This film's television premiere took place in Los Angeles Thursday 18 July 1957 on KTTV (Channel 11); in Philadelphia it was first telecast 10 December 1957 on WFIL (Channel 6), in San Francisco 8 February 1959 on KGO (Channel 7) and in New York City 5 August 1963 on WCBS (Channel 2). See more »
Florence Rice was the daughter of Grantland Rice, an extremely popular and influential sportswriter of the 1920s and '30s who also starred in the 'Sportlight' series of sport-related movie shorts. He used his influence to help his daughter get a movie contract. Florence Rice proved to be a blonde of above-average looks but no great acting ability. She's pleasant to watch on-screen, but leaves no lasting impression.
SLIGHT SPOILERS. 'Vacation from Love' is mere froth, and it's not even especially good froth. Florence Rice plays Patricia Lawson, a society daughter who's about to marry a man named T. Ames Pierpont the Third (you mean there's two more of him?). He wears hornrimmed glasses, and his name is T. Ames Pierpont the Third, so you just know he's going to be left at the altar. Veteran character actor Andrew Tombes gives a brief but hilarious performance as the judge presiding over the civil ceremony. When he asks if anyone objects, somebody does: a handsome saxophone player, portrayed by Dennis O'Keefe. Apparently he objects because lovely blonde Patricia is about to marry a rich nerd named T. Ames Pierpont instead of a handsome but penniless sax player.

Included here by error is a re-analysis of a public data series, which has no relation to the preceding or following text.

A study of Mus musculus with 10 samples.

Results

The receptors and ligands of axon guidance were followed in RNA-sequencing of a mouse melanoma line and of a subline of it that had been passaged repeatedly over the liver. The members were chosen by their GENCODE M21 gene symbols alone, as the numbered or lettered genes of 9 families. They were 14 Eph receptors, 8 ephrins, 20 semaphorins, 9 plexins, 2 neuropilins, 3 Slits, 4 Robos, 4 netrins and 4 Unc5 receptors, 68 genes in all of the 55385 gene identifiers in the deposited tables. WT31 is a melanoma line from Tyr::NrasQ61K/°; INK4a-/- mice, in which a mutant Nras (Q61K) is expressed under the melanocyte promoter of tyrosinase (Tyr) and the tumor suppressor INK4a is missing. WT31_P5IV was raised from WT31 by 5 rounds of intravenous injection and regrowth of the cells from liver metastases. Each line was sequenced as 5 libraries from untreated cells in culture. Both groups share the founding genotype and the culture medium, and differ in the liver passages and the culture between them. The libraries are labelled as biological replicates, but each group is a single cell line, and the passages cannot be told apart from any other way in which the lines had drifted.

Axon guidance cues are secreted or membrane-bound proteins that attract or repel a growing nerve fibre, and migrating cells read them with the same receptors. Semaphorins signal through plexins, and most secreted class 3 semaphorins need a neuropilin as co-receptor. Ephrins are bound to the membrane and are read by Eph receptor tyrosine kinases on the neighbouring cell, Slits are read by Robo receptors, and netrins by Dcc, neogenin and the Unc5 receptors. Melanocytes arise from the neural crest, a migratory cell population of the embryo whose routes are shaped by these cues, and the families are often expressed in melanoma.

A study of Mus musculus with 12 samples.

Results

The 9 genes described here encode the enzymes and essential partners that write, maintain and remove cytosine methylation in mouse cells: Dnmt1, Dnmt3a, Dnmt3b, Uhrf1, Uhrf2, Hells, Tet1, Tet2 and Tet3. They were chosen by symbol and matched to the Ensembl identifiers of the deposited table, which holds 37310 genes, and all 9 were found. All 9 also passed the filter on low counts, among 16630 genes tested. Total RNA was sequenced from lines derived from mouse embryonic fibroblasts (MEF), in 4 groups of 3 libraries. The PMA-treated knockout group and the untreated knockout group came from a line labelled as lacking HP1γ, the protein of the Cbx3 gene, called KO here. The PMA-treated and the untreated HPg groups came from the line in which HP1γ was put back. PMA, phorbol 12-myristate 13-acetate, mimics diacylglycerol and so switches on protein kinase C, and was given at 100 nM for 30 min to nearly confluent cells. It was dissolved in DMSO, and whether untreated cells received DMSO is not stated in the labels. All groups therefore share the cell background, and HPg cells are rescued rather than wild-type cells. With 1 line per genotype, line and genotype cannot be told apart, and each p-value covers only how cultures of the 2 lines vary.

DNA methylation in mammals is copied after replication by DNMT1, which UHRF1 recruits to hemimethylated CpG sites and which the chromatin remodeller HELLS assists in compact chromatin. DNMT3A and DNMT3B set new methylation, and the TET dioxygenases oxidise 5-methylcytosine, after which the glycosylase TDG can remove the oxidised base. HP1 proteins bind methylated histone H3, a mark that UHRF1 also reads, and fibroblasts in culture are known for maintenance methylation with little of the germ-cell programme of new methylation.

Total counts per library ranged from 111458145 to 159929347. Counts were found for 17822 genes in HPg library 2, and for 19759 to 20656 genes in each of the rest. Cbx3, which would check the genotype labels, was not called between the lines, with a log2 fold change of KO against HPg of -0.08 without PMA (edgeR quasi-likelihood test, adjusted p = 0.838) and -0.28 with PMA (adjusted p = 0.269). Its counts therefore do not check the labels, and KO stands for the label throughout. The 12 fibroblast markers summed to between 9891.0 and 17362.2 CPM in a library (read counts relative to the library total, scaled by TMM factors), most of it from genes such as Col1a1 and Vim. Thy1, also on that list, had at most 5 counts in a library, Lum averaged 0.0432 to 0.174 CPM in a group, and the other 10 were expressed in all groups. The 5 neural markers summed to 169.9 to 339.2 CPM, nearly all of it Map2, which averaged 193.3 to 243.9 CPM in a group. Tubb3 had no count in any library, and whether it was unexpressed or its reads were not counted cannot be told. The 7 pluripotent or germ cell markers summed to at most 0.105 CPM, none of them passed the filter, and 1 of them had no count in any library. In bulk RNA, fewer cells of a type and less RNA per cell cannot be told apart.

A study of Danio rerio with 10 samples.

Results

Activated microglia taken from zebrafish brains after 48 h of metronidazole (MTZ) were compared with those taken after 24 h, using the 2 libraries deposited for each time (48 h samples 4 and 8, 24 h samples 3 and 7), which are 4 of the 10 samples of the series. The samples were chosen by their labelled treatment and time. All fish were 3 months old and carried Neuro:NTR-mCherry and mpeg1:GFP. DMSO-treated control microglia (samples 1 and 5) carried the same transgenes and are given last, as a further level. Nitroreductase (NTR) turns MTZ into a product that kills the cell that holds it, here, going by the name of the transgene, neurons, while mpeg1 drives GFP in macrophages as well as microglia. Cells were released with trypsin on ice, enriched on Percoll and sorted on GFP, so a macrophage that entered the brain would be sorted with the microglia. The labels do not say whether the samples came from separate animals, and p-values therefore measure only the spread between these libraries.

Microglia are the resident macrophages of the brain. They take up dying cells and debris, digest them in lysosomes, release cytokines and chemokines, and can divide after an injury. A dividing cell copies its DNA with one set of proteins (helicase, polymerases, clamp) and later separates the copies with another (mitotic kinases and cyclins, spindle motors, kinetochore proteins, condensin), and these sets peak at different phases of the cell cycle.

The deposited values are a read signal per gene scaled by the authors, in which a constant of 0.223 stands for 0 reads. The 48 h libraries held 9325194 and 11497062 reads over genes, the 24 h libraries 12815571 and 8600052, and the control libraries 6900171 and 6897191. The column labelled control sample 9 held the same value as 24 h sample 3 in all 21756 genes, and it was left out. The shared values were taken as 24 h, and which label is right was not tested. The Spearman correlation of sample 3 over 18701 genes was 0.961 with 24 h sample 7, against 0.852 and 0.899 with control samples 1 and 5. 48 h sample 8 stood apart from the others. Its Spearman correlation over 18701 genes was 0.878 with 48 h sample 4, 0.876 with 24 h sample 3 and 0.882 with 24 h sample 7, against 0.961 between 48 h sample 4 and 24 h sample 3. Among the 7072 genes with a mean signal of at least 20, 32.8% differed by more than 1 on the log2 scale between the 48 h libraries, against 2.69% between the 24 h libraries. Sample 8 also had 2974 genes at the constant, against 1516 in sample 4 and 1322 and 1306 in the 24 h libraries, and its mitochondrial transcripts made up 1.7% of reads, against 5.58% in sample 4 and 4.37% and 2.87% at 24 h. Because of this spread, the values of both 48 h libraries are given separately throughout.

Yes, friends, this is the 1,398,427th movie in which the heroine dumps a dull responsible guy in favour of a reckless yahoo with too much testosterone ... and also the 1,398,427th movie in which we're meant to approve her choice. On a whim of the moment, Patricia ditches Pierpont and runs off with Bill Blair, the saxophonist. From the way he honks that sax, he should change his name to Blare.
From here, it degenerates into very predictable marital comedy. Andrew Tombes's brief role is funny: no other character actor conveyed flustered frustration better than bald-domed Tombes. (Edgar Kennedy's 'slow burn' conveyed a slightly different emotion.) Once Tombes is off the screen, this movie goes downhill fast. Herman Bing and the great Edward Brophy are welcome presences, but neither is up to his usual high standard. I'll rate this movie just 4 out of 10.